It’s likely that fewer veterans are sleeping on the streets or in vehicles in the District than earlier this week.  

On Wednesday, the D.C. Housing Authority successfully matched 80 homeless veterans and their families with permanent housing, boosting the number of veterans who receive free or subsidized housing vouchers in the District to 744.

File photo of a homeless war veteran washing dinner dishes at Central Union Mission, which provides emergency shelter for homeless men in Washington, DC. (Jahi Chikwendiu/WASHINGTON POST)

Using part of a $1.5 million grant from the federal Veterans Affairs Supportive Housing Program, the agency held a daylong housing fair where eligible veterans were placed with pre-screened landlords. 

As in other District housing programs, qualified recipients receive a voucher that averages $15,000 annually to use secure an apartment.  Recipients are expected to match the voucher with 30 percent of their incomes.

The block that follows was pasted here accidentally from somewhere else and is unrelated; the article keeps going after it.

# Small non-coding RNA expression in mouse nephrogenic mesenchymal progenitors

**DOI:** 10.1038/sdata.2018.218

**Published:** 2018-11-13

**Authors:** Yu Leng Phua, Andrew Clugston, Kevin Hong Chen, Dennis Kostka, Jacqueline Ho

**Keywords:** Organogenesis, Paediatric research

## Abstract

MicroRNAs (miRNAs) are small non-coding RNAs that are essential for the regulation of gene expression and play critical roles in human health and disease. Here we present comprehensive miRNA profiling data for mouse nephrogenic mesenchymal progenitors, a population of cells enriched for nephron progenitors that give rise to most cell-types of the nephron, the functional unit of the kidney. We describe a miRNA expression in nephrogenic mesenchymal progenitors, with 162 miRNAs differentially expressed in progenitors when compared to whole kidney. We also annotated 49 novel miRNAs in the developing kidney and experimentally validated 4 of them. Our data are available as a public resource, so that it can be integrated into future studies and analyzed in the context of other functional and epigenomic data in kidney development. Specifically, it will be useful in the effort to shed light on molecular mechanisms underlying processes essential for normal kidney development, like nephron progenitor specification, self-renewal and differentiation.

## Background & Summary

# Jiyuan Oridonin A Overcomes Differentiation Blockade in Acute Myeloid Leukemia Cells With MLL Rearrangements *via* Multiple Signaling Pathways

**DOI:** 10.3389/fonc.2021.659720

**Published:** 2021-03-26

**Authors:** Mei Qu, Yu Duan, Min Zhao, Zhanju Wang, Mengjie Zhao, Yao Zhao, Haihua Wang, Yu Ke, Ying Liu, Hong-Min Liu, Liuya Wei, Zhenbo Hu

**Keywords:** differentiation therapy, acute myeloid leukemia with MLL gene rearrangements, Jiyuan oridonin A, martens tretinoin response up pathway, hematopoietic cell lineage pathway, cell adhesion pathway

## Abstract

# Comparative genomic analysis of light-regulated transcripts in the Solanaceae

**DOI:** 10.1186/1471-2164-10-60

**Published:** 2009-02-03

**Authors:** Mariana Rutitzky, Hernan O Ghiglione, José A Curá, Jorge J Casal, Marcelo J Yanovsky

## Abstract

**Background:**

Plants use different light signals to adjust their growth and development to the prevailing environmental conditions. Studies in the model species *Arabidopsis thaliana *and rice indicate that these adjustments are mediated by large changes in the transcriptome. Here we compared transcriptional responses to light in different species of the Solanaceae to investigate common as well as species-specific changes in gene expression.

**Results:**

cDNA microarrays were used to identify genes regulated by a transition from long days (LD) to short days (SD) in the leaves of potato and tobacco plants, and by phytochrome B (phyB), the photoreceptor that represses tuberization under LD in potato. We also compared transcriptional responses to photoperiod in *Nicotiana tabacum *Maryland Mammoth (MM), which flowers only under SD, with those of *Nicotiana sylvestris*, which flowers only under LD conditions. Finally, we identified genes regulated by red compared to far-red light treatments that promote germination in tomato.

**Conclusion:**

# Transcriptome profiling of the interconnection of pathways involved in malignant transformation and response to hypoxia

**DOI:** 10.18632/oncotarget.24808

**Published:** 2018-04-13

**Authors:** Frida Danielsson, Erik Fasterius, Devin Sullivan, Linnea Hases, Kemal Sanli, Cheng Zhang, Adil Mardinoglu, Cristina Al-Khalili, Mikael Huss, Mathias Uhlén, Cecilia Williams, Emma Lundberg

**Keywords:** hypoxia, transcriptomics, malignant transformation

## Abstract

“They receive a voucher, with a voucher they can go anywhere they want and rent an apartment,” said Dena Michaelson, a spokeswoman at the Housing Authority. “Many of these folks, since they have had issues, and have been homeless, their income is zero, so it’s totally subsidized.”

 Michaelson said the vast majority of the veterans helped Wednesday served in either the first or second Gulf wars. Some were single adults, but others had children. They will be moving into apartments in all eight wards of the city. By matching up qualified recipients with landlords, on site, Michaelson said the city was able to expedite their apartment search.

“Some [landlords] handed out keys yesterday,” Michaelson said.

 The Veterans Affairs Supportive Housing Program is a partnership between the Department of Housing and Urban Affairs and the Department of Veterans Affairs. But states and the District distribute the grant money.

 Only veterans who qualify through Veterans Affairs are eligible for the vouchers.  Michaelson said the District still has funds to place an additional 70 homeless veterans.

According to the Metropolitan Washington Council of Governments, which conducts an annual census of the homeless population, 6,954 individuals in the District do not have shelter, about 1 percent of the population.